What if McCain Wins?

This article first appeared in Newsweek.

1 November 2008

If John McCain becomes the next U.S. president, it will send europe into a fit of despair not seen on the old continent in decades. After all, Barack Obama is Europe
's candidate, so much so that French President Nicolas Sarkozy—so happy to spend a vacation day with George W. Bush—turned Obama's fleeting summer stopover in Paris into an orchestrated photo op, to milk maximum publicity from the Democratic candidate. In Britain, Conservative M.P.s seem to have forgotten that McCain had been the keynote foreign speaker at the Conservative Party
conference just last year and now openly wear Obama buttons as they gossip in the House of Commons corridors and tearoom. German Christian Democrats from Angela Merkel's party swelled the 200,000-strong crowd who listened to Obama in Berlin in July. For the European left, Obama is the savior, McCain irrelevant. The intelligentsia and the political weeklies in every European capital seem to have long ago agreed to write off McCain and splash Obama's face on every front cover. If he loses, narrowly or otherwise, there will be a sense that America has lost its senses.
Ever since McCain chose Sarah Palin as his running mate, Europe has looked down its collective nose at the thought of a McCain presidency. Little matter that Europe is awash with populist politicians of its own. Italy's Silvio Berlusconi or the late Jorg Haider in Austria proved that crude sloganeering and appeals to the gut rather than the intellect were as common in Europe, despite the self-regarding belief of Europeans that their political life is conducted on a higher plane than in America. McCain has been seen as the quintessential American from Mars who appeared to Europeans from Venus as a politician who never saw a geopolitical problem that could not be solved by throwing troops at it.
By contrast, instead of taking steps on its own to shape a united European Union that is willing to invest in security, extend the euro to Britain and lower the protectionist barriers that distort the single market, Europe has invested all of its hopes for a happy tomorrow in Obama. But in the excitement of waiting for the end of the Bush-Cheney years, which Europe blamed for all the woes of the world, few have examined the small print of his ideology. He has made clear that America would never take orders from the United Nations, yet the Europeans said they wanted more multilateral global decision making. He has said Jerusalem should be the undivided capital of Israel, while Europeans have long ago awarded half of Jerusalem to the Palestinians as capital of their putative state. Obama has said America might have to bomb Pakistan in order to chase out Osama bin Laden and Al Qaeda from their hiding holes on the northwest frontier. To win U.S. labor support Obama has questioned free trade, the neoprotectionism that if enacted would cripple European exports. And while Obama had the good fortune not to be a member of Congress when the votes on Iraq in 2003 had taken place, he seems enthusiastic nonetheless about increasing troop presence in Afghanistan despite increasing European pessimism that any victory is possible.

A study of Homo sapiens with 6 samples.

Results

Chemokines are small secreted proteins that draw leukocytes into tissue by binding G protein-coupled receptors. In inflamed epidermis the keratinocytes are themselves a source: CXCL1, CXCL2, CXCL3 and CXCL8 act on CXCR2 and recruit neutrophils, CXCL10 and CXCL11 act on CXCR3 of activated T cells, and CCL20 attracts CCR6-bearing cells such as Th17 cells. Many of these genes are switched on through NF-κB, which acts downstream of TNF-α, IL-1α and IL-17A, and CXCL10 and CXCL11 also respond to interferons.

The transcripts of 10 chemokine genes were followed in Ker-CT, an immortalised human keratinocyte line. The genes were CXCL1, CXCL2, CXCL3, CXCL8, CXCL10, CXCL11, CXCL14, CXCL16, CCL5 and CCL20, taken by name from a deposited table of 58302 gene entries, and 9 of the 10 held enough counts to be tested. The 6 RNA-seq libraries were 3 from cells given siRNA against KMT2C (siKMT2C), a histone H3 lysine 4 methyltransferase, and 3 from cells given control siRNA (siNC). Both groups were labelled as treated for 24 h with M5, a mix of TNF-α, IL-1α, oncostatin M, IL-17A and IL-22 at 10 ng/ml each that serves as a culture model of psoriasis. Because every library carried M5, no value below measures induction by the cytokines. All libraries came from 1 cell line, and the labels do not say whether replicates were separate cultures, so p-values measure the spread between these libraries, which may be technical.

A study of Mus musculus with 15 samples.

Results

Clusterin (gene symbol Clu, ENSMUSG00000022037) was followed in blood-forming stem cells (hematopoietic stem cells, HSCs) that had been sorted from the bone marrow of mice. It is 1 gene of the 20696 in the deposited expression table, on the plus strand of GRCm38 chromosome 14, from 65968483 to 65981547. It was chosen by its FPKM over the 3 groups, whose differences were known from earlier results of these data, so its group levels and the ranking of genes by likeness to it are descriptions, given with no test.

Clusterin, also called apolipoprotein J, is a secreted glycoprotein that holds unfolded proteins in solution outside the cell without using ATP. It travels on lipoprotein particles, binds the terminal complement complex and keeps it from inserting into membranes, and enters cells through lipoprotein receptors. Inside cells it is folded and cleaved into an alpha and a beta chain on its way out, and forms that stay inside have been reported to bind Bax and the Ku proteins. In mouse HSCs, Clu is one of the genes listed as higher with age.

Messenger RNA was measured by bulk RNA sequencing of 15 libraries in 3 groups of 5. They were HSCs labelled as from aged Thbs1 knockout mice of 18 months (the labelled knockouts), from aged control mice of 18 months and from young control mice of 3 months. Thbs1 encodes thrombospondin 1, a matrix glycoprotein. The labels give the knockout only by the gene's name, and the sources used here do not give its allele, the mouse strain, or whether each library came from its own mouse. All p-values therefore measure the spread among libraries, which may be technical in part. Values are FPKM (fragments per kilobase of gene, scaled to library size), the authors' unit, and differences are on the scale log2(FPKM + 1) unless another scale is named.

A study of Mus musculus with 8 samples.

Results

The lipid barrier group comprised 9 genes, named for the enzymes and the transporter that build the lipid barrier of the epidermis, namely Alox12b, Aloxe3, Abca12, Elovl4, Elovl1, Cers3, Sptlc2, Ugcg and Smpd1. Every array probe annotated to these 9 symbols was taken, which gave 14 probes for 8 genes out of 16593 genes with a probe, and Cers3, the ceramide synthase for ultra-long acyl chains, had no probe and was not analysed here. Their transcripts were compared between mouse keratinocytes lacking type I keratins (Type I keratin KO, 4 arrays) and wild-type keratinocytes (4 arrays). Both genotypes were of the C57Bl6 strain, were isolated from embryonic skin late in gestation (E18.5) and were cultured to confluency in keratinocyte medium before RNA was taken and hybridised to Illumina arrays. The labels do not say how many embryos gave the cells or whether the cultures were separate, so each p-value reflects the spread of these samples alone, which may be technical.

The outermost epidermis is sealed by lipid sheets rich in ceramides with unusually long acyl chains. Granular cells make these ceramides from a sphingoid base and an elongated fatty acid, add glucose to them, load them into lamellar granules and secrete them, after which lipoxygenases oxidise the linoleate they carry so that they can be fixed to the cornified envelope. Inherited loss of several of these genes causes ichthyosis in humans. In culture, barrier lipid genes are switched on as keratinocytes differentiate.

So for a handful of politicians and professional policymakers there might be a sense of relief if McCain wins. A Republican, to be sure, and one with an odd vice president. But America and the world survived Spiro Agnew and Dan Quayle. And McCain is anti-Bush across a range of policies. He has patrolled Europe's security conferences over the years. For many worried about Vladimir Putin's divide-and-rule authoritarianism—including leaders in East Europe, the Nordic countries and tougher politicians like Britain's clearsighted foreign secretary, David Miliband—a Washington that had few illusions about Russia's Soviet-style aggressive posturing would be welcome.
The fairy tale of Obamania has caused Europe temporarily to suspend all of its centuries-old cynicisms about the politics of Camelot and Sir Galahads single-handedly saving the world from evil. But with a Republican president holding sway, there could still be a kind of relief that it would mean politics as usual. The calls would be made. "John, cher ami," Sarkozy would say. "Mein lieber Freund," Angela Merkel would trill. "Come and visit your roots in Scotland," Gordon Brown would urge. In the wider European population, however, there would be a stunned refusal to accept the result.
Once again, it would seem that America had let down Europe, because despite the existence of the EU, Europeans still do not believe deep down that they can stand on their own feet without America. And with no leadership on offer to take on Europe's disappointment, to provide hope to Europe's pessimism, the continent would become more sullen, more inward-looking, more nationalistic and less and less able to be the united partner that the United States needs to defend democracy and promote freedom around the world.